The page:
Wednesday, May 4, 2016

Where can Chinese military hospitals be sued?

Protest at a civilian hospital
Since the 1980s, Chinese military hospitals have been seeking out civilian patients as a way to generate additional funds. At the military hospital highlighted in this (English language) media report, less than 1 in ten patients were military personnel.

Military hospitals have come under the international spotlight this week (see this report) because of the international uproar over the death of a college student who received inaccurate medical information from China's Baidu search engine, leading him to seek a type of immunotherapy from the Second Hospital of the Beijing Armed Police Corps. The student's cancer is generally treated with surgery and chemotherapy.

This is not the first time that patient care has gone wrong at a military hospital things, for some reasons identified in academic papers:
  • poor medical ethics; 
  • apathy and a sense of irresponsibility on the part of medical personnel; 
  • corruption; 
  • failure to comply with medical guidelines; 
  • failure to provide explanations to patients. 
This media report highlights the fact that some military hospitals have contracted out clinics or departments to private companies.

But what happens when those civilian patients believe they have been the victims of malpractice? Sometimes they protest and sometimes they go to court.

Malpractice mobs in the military hospitals

In China, frustration and anger with medical treatment and the medical system leads patients and their families to protest, or attack medical staff, as described in The New Yorker, in media reports, and in a landmark study by Columbia Law School Professor Benjamin Liebman. Although this study by a team of doctors in a Beijing civilian hospitals in English noted that no violent event has ever been reported in Chinese military hospitals, academic articles from those in the military medical system in various parts of China, east, west, north, south, suggesting otherwise, describing a high incidence of medical protests.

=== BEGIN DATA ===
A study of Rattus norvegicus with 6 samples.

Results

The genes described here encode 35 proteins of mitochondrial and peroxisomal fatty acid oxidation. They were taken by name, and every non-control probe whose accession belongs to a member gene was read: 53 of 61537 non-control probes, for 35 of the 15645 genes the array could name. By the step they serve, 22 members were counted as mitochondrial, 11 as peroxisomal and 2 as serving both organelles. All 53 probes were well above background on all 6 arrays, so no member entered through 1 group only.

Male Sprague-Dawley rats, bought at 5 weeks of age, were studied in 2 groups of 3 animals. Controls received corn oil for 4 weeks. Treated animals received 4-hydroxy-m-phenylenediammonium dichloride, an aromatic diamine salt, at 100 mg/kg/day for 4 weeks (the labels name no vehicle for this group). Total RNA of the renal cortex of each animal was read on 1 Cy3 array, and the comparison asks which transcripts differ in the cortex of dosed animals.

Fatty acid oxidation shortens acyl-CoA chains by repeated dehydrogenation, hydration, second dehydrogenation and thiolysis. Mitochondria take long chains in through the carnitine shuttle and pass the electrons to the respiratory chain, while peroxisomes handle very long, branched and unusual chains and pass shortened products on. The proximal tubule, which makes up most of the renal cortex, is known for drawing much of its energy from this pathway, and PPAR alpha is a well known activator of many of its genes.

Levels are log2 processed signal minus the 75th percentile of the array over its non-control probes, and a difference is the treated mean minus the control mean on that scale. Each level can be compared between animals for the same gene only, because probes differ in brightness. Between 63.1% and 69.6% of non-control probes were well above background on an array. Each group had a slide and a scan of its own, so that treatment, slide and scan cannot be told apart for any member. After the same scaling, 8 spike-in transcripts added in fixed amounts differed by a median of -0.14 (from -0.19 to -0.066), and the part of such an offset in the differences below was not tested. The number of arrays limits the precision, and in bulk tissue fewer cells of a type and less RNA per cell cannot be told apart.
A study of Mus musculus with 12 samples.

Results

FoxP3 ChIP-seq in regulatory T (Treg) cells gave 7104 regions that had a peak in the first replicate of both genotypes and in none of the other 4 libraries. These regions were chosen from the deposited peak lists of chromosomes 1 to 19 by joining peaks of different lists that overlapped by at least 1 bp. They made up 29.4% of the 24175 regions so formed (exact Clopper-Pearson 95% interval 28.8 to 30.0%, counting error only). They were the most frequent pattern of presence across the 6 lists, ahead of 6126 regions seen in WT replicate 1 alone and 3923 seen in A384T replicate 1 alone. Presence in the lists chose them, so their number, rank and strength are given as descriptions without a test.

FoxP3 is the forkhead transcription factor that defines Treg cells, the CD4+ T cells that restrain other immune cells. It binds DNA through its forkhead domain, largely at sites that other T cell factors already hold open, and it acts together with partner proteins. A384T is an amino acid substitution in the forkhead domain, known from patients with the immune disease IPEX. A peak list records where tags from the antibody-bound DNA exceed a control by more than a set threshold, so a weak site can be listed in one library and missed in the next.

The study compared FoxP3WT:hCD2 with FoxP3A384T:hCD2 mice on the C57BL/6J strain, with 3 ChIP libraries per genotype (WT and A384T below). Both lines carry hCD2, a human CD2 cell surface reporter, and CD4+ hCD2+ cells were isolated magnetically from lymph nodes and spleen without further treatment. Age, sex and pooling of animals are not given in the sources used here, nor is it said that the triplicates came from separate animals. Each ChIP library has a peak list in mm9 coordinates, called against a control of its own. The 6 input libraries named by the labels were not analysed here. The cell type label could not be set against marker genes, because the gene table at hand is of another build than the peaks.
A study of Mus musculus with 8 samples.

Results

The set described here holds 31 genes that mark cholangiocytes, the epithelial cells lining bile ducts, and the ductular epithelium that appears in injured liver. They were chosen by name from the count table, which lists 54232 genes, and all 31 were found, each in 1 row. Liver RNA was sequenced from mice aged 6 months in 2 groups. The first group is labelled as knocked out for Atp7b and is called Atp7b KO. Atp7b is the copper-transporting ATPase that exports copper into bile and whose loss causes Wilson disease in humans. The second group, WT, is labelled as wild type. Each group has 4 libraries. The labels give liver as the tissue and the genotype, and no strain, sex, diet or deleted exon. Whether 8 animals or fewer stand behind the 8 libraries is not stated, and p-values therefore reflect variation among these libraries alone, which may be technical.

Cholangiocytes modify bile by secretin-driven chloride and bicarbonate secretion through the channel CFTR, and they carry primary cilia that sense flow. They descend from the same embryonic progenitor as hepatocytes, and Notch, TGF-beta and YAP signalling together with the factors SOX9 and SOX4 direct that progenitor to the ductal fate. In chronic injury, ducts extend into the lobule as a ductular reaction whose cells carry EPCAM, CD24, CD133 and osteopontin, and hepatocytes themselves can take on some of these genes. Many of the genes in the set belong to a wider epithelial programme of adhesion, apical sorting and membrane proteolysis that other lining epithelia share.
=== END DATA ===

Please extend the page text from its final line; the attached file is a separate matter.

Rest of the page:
Suing military hospitals

According to data released by China's Supreme People's Court (SPC) in March, over 23,000 medical malpractice cases were brought in the Chinese courts in 2015. No separate statistics exist on how many of those cases were brought against military hospitals.

Under 2012 regulations of China's Supreme People's Court (SPC) (legal know-how services have an English translation), civilians can sue military hospitals in the civilian courts (an overview of the law on the subject seen here), despite the weakness of Chinese law on the subject, described here. and some have, with legal databases reporting on some of those cases:
  • 2012 (successful) case against a military hospital in Hangzhou;
  • 2009 (successful) case against a People's Armed Police hospital in Chongqing;
  • 2016 (unsuccessful) case against a military hospital in Shenyang;
  • 2015 (unsuccessful) case against a People's Armed Police hospital in Beijing;
  • 2014 (successful) case against a military hospital in Xinjiang.
What do PLA reforms mean for civilian patients at Chinese military hospitals (and malpractice litigation against them)? According to the media report cited above, a spokesman for China's Ministry of Defense said that military hospitals and other medical institutions would continue to provide medical services to civilians, but that “a new model” would be explored that could see military hospitals integrated more into the national health care system, under the auspices of China’s National Health and Family Planning Commission (NHFPC). So it is likely that we will see more malpractice litigation against Chinese military hospitals in the future, even if rarely reported outside of China.

No comments:

Post a Comment

Comments are subject to moderation and must be submitted under your real name. Anonymous comments will not be posted (even though the form seems to permit them).